The World

Weekdays from 2-3 p.m.
  • Hosted by Marco Werman

Each weekday, host Marco Werman and his team of producers bring you the world's most interesting stories in an hour of radio that reminds us just how small our planet really is. The World is heard on over 300 stations across North America.


The recent allegations against film mogul Harvey Weinstein have sparked a global conversation about the issue of sexual harassment in the workplace. We devoted all of Friday's episode of PRI's The World to workplace sexual harassment. Listen to the entire program below or scroll down to hear specific segments. 

Take our survey about sexual harassment in the workplace, below

The Spanish government is threatening to revoke the autonomy of the region of Catalonia, in the northeast of the country. The Catalans, for their part, are threatening to declare independence unilaterally.

But what are the roots of the tensions between the national government in Madrid and the Catalan leaders in Barcelona?

"All voices are welcome in this world, you know. All experiments. I can't criticize anyone's voice, 'cuz people's voices are their soul. So how can you criticize one's soul?" 

That's what French singer Camille has to say about the unique voice of Yoko Ono. And you could say the same thing to describe Camille's. Hers is a subdued voice that can soon break out into a guttural cry, especially in the song "Twix." And yes, the song is about the candy bar. 

In Syria, all girls want is safety and school

Oct 19, 2017

Syria was once home to a robust, highly educated middle class.  

Books were an important part of the culture, and literacy was highly prized, for girls as well as boys. 

But the Syria's grinding six-year war has endangered all that — especially for young women. 

Many girls that might have received a rigorous education are now being married off at a young age. 

That's what journalist Gayle Tzemach Lemmon found out recently when she visited the Syrian town of Tabqa — outside of Raqqa.

The Czech Republic's Trump is in the lead for Prime Minister

Oct 19, 2017

Dubbed the "Czech version of Trump" by Forbes, the wiry, gray-haired, Slovak-born farming, media and chemicals mogul is the Czech Republic's second-richest man.

Andrej Babis set up the populist ANO (Yes) party in 2011 as a political outsider determined to lure voters with promises of clean politics in the EU country of 10.6 million ranked more corrupt than Botswana by Transparency International.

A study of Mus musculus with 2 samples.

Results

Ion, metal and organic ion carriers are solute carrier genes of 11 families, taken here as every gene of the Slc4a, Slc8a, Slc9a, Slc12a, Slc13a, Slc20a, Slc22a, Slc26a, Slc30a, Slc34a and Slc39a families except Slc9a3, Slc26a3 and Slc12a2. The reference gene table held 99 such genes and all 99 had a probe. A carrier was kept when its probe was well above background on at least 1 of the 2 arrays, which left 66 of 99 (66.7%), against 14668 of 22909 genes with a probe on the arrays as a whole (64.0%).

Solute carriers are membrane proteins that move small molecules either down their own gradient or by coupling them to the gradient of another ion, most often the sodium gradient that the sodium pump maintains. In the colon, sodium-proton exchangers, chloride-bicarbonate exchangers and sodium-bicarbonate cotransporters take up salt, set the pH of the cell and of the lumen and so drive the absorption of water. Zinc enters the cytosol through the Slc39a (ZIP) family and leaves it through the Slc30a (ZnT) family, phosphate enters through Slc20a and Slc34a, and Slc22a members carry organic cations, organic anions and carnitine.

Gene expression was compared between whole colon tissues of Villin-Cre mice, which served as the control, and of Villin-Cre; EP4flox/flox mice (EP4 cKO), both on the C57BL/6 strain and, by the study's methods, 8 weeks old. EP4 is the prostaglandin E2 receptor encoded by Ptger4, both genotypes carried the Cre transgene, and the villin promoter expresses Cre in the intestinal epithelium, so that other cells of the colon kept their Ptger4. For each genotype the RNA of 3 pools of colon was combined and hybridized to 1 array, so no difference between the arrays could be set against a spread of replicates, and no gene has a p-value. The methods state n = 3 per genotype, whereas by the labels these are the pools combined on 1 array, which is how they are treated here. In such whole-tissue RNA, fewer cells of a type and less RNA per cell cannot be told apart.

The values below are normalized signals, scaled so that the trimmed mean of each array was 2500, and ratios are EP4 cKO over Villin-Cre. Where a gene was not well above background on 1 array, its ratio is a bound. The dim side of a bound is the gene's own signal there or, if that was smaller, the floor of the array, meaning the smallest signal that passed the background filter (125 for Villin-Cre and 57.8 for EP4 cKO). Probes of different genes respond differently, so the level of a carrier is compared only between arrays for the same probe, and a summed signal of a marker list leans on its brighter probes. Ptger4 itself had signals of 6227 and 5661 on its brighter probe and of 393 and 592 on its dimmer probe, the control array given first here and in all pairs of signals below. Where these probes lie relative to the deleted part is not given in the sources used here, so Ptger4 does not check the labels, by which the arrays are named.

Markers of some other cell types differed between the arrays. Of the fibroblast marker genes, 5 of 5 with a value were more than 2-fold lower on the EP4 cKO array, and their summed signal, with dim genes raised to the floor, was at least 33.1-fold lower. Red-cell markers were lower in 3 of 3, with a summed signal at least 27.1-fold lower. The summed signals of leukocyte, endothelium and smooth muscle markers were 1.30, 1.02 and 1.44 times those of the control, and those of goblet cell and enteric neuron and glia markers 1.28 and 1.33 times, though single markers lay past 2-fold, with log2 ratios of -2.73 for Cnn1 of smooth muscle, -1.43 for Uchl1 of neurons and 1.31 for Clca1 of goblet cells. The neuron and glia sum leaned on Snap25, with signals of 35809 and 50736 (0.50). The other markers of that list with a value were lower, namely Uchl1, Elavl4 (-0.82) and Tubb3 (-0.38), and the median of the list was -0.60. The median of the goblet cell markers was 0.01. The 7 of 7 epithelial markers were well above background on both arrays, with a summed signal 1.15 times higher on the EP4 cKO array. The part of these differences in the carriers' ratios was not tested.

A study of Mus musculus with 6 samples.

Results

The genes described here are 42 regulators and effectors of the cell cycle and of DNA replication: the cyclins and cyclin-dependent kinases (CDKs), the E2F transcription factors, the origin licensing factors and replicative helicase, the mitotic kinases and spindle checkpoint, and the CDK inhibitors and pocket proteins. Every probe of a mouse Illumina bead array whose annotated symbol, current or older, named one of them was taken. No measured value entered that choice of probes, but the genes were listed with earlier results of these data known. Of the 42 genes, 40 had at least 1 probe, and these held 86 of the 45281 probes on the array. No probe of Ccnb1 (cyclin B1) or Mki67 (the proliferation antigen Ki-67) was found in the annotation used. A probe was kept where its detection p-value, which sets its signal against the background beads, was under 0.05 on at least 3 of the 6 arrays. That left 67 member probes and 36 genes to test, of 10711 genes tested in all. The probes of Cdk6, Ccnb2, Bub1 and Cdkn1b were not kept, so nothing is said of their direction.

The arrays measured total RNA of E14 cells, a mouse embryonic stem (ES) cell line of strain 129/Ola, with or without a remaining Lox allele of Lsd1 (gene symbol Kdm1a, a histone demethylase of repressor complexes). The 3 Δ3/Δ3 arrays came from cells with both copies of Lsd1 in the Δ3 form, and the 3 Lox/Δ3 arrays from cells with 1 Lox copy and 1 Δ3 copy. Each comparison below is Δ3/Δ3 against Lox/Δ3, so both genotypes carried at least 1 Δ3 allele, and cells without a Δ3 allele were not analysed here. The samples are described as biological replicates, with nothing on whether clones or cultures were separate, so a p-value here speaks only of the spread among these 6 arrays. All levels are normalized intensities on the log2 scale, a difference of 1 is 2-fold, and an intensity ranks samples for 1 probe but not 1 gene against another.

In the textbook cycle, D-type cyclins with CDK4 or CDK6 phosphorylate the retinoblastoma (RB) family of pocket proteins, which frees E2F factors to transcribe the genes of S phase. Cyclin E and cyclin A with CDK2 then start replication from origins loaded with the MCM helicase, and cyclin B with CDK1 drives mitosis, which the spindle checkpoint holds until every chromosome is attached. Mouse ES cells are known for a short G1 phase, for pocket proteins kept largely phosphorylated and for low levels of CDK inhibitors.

ANO entered parliament two years later, but Babis himself has since been dogged by allegations of wrongdoing, something he flatly denies.


Flying insect populations dropped by more than 75 percent during the last three decades in dozens of protected areas across Germany, researchers have found.

A club of mostly amateur entomologists used traps to capture insects and measure their biomass at 63 nature protection areas in Germany since 1989.

One month ago, on the afternoon of Sept. 19, a massive quake struck Mexico City and surrounding areas. That day, The World's Monica Campbell was in the Boston newsroom, far from her home and family in Mexico City. She watched footage of buildings collapse and waited as death tolls rose.

"I couldn't believe it," she says. "The quake struck 32 years to the day since the massive 1985 quake."

The first wave of university students displaced by Hurricane Maria has arrived to study in the mainland US, taking advantage of tuition discounts offered to Puerto Rican students whose home institutions remain shuttered.

“Coming here was a big relief,” says Rosamari Palerm, 23. She was the first student from Puerto Rico to arrive at St. Thomas University, a private Catholic school in Miami Gardens, Florida with over 5,000 students.


Mohammad Othman watched through a hole in the wall as the last ISIS fighters filed out of the Syrian city of Raqqa in a convoy of trucks and cars.

Exhausted, beaten and bedraggled, like the city itself, their departure marked a symbolic end to the self-declared caliphate — the fall of ISIS’ de facto capital was complete.